Lapland Intro & History
It’s widely believed that Lapland was first inhabited after the Scandinavian ice caps began to melt around 7000 years ago. The Sami people were among the first natives of the region and rock carvings from thousands of years ago show age old practices like reindeer herding which continue today. Like many history lessons, wars and disputes have had massive impact on the land and its people. When it comes to actual historical sites, there isn’t too much to actually see – the events below will explain why.
With its natives making use of natural resources from fish to fur, Lapland began to fruitfully develop over the middle ages, catching the eye of the more powerful countries as it overlapped several borders. Already there were stirrings of rivalry between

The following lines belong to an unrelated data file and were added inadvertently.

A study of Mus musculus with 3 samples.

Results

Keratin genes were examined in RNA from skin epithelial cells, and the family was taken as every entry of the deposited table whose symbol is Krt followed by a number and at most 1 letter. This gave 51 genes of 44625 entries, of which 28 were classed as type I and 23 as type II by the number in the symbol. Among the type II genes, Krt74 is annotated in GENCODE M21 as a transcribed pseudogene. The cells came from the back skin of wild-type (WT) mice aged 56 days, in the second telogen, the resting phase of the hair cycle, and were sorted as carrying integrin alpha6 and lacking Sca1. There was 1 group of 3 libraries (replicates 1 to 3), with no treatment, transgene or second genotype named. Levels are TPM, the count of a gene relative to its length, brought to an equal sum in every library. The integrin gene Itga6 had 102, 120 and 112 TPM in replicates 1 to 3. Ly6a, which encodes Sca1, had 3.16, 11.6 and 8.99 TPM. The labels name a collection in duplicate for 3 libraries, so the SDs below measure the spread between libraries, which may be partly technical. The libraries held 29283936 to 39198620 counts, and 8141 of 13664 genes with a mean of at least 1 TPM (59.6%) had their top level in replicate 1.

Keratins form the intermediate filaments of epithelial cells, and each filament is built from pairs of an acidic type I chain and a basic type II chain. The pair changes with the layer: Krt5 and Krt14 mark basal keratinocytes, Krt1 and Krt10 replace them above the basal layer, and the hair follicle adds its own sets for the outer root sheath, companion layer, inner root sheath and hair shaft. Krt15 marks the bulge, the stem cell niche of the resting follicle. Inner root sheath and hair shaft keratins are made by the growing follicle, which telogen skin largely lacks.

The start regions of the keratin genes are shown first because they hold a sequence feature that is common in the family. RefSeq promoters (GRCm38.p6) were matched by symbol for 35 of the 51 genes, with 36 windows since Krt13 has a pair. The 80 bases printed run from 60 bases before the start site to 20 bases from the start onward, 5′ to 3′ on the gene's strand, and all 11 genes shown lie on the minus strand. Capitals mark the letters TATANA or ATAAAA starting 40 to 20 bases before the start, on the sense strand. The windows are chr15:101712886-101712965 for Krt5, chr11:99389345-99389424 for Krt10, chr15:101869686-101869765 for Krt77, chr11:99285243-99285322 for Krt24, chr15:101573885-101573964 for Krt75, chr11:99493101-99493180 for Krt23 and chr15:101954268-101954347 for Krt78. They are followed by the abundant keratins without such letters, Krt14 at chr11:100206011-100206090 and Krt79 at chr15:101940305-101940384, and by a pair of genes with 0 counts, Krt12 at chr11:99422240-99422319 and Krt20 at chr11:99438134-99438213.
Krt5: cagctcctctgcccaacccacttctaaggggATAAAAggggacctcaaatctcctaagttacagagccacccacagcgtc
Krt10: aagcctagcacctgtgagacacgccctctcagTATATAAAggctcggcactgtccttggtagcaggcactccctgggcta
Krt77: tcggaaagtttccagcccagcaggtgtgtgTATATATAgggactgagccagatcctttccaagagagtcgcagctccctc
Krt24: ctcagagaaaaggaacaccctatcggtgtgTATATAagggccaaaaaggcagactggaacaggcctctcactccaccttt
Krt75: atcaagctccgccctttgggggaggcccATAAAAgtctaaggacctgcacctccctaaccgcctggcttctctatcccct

Denmark-Norway and Sweden-Finland. In the 16th century, when trade and progress began to slow, Sweden tried to up its control over the northern areas. This, combined with further skirmishes with Denmark, resulted in the Knared peace agreement of 1613 where Sweden actually lost its control over Lapland.
Skip forward to 1808 when Sweden had political influence over Finland. Tsar Alexander I sent troops to challenge Swiss points in Finland, pushing them back. The Fredrikshamn was soon signed in 1809, giving Swedish control of Finland over to the Tsar and detailing a new border between Sweden and Finland that still stands today. The economic conditions continued to decline and the Sami people experienced quite a bit of collateral damage after this. As the Finns moved to more prosperous places, they started clearing large areas of forest, destroying the land the Sami used for their reindeer.